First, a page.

Domestic violence month has come to a close and the calls to action spurred by the Ray Rice scandal have been hushed, but the tragic tide of domestic violence continues to sweep our nation.
As Speaker of the Massachusetts House of Representatives, I firmly believe that comprehensive action -- examining existing loopholes, elevating criminal penalties and prioritizing prevention -- is the only strategy that will result in systemic change. That is the blueprint Massachusetts followed this summer as we crafted one of the nation's strongest domestic violence laws.
According to the Centers for Disease Control, female victims experience vastly disparate patterns of abuse than their male counterparts, likely facing a breadth of violence ranging from financial exploitation to emotional intimidation; from stalking to rape. The extent of abuse for women often causes long-term mental health problems which may inhibit a woman's ability to succeed at work, to care for her children and to engage in other healthy relationships, among other challenges. This spectrum of injustice demands comprehensive, streamlined and forward-looking legislative solutions.
We in the Massachusetts Legislature are indebted to the courageous individuals who shared their experiences of intimate partner violence. We heard from these women and domestic violence advocates that prevention, above all else, is crucial. A recent NBC article reiterates that prerogative, citing the CDC: "The idea is to surround the next generation of men with a single, uniform message against domestic violence. It's part of a new public health view, one that treats the problem of domestic violence as huge, complex and permanent." This shift buttressed Massachusetts' legislation which strikes a balance between punishment and prevention.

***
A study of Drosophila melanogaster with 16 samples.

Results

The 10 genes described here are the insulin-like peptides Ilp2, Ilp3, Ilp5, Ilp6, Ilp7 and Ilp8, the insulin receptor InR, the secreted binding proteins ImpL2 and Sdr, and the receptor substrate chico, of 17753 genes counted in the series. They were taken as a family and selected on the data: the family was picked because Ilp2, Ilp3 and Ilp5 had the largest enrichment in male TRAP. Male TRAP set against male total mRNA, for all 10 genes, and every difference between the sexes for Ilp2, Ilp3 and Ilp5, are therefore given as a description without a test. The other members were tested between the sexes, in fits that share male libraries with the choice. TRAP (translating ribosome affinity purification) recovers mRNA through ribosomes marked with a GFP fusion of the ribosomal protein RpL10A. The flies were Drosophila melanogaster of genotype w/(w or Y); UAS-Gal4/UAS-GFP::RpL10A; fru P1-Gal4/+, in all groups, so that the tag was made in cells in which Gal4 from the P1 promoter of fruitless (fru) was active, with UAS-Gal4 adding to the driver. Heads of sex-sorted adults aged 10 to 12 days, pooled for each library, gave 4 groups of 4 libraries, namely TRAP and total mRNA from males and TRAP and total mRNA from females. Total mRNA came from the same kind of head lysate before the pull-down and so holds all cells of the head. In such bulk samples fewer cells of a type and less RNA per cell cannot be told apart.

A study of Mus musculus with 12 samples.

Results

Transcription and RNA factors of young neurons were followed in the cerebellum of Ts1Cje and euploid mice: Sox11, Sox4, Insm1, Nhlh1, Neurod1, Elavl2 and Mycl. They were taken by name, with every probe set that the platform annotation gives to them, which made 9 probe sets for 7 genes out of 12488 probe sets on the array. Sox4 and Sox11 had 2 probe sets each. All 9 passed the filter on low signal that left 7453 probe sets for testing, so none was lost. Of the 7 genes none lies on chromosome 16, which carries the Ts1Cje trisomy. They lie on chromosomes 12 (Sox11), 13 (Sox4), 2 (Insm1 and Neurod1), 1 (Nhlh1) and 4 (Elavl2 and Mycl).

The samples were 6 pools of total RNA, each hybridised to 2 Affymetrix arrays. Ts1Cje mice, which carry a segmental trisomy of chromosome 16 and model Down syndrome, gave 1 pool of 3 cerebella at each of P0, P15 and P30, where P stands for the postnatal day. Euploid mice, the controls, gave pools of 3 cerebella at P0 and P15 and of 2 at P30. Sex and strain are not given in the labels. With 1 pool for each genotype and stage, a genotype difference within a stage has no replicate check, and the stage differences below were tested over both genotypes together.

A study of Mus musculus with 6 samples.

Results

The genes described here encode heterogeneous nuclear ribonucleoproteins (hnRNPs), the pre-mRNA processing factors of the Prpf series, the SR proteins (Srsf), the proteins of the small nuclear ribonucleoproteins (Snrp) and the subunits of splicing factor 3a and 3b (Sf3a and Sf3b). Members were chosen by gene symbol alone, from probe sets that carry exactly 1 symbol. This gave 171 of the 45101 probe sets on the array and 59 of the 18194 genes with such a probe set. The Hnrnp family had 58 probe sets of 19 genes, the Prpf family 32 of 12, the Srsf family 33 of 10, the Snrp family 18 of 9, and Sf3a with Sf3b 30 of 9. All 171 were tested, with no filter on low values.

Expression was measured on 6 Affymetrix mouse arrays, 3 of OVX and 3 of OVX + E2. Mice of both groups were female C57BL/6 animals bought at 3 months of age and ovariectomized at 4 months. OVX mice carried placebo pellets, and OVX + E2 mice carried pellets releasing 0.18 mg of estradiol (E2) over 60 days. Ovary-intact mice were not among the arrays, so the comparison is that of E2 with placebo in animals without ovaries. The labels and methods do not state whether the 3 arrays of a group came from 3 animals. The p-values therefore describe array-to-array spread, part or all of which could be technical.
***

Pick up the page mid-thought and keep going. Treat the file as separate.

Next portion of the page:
Our law takes proactive steps to stymy the destructive cycle of intimate partner violence. It establishes employment leave for victims of domestic violence, broadens court authority related to custody and child support orders and creates educational programs in public schools. It also creates a specific charge of strangulation and suffocation, actions that statistically indicate an abuser is more likely to commit domestic violence related to homicide.
While we looked to the future, it was incumbent upon us to take immediate action. In recommending preventive tactics, the CDC proposes coordinated services and thorough data systems to "help understand trends, [provide information] and monitor effectiveness." With this background, Massachusetts' law closes a former loophole: Now law enforcement officials can readily and efficiently identify an offender with a history of domestic violence and take appropriate punitive action. It also standardizes records and mandates that information is shared across districts, ensuring that key decision-makers have up-to-date, accurate and exhaustive criminal records.
Massachusetts has established a robust and encompassing law. In doing so we've also positioned ourselves for future leadership. In an effort to consistently improve and better understand underlying factors, the law creates Domestic Fatality Review Teams which will investigate fatalities. We recognize this is a bold step that will require cooperation, commitment and professional and emotional fortitude. We will not shirk from what I feel is a civic responsibility as we work to create a safer communities where individuals receive the legal and medical support they so rightly deserve.